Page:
Chinese drywall refers to an environmental health issue involving defective drywall manufactured in China and imported to the United States starting in 2001. Laboratory tests of samples for volatile chemicals have identified emissions of the sulfurous gasescarbon disulfide, carbonyl sulfide, and hydrogen sulfide. These emissions, which have the odor of rotten eggs, worsen as temperature and humidity rise and cause copper surfaces to turn black and powdery, a chemical process indicative of reaction with hydrogen sulfide. Copper pipes, wiring, and air conditioner coils are affected, as well as silver jewelry. Homeowners have reported a variety of symptoms, including respiratory problems such as asthma attacks, chronic coughing and difficulty breathing, as well as chronic headaches and sinus issues.
Drywall (known as plasterboard in Britain) is a common building material typically made of a layer of gypsum-based plaster pressed between two thick sheets of paper, then dried in a kiln. Foreign drywall was imported by the United States during the construction boom between 2004 and 2007. Importation was further spurred by a shortage of American-made drywall due to the rebuilding demand of nine hurricanes that hit Florida from 2004 to 2005, and widespread damage caused along the Gulf Coast by Hurricane Katrinain 2005. An analysis covering drywall imports since January 2006 showed that more than 550 million pounds of Chinese drywall was brought into the United States since then, enough to build 60,000 average-sized homes.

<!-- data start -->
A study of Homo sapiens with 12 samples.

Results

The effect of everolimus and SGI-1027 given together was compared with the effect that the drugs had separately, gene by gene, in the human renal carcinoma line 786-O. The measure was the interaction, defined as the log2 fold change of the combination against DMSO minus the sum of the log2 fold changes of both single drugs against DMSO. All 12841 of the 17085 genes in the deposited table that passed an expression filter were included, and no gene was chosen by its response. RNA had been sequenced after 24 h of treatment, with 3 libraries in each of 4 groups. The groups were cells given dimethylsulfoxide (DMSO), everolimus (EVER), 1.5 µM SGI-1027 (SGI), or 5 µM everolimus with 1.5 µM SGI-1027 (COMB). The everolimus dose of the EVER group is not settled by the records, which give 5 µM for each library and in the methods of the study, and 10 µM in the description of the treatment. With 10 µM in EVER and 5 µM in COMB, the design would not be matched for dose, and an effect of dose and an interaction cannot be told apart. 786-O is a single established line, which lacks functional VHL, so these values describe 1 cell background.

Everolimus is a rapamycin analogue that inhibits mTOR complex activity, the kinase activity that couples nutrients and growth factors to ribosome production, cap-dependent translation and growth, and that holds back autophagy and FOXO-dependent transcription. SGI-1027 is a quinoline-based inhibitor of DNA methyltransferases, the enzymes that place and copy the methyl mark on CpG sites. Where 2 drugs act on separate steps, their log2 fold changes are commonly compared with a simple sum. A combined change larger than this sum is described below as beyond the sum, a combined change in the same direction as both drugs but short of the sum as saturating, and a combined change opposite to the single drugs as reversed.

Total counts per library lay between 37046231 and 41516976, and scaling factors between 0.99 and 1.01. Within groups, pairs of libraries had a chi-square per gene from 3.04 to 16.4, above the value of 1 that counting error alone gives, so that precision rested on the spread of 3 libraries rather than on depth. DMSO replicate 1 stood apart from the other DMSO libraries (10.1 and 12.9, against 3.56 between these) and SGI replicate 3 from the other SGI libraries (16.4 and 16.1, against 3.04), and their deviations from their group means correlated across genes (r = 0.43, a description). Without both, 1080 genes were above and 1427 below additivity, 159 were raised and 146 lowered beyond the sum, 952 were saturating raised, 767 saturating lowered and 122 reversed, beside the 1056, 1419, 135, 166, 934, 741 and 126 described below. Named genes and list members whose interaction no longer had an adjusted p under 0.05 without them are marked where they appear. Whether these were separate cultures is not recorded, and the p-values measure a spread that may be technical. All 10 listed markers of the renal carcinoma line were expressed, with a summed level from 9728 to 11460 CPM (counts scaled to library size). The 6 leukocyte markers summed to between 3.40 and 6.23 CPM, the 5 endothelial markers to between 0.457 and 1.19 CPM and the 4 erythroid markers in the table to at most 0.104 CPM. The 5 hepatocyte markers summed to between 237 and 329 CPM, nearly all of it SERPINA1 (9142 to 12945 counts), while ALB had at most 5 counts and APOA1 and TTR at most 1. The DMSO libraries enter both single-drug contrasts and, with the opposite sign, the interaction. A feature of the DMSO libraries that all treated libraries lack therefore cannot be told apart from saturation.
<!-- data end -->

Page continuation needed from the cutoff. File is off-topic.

Chinese drywall possible health concerns
There are few studies exploring the effects of long-term low-level exposure to sulfur gases. However, it is believed that short-term exposure, over the period of a few hours, can result in sore throat, eye irritation, cough, shortness of breath, chest pain, and nausea. Long term exposure, over a period of weeks, is believed to cause chronic fatigue, insomnia, loss of appetite, dizziness, irritability, headaches, and memory loss.
The Center for Disease Control, in collaboration with The Agency for Toxic Substances and Disease Registry released a guide indicating the residents of affected homes reported irritated and itchy eyes and skin, difficulty breathing, persistent cough, bloody noses, runny noses, recurrent headaches, sinus infection, and asthma attacks.
Greenwell Home Inspections knows how to spot out Chinese drywall which ensures that your family, business or any other persons important to you are safe from the potential harms caused by Chinese drywall.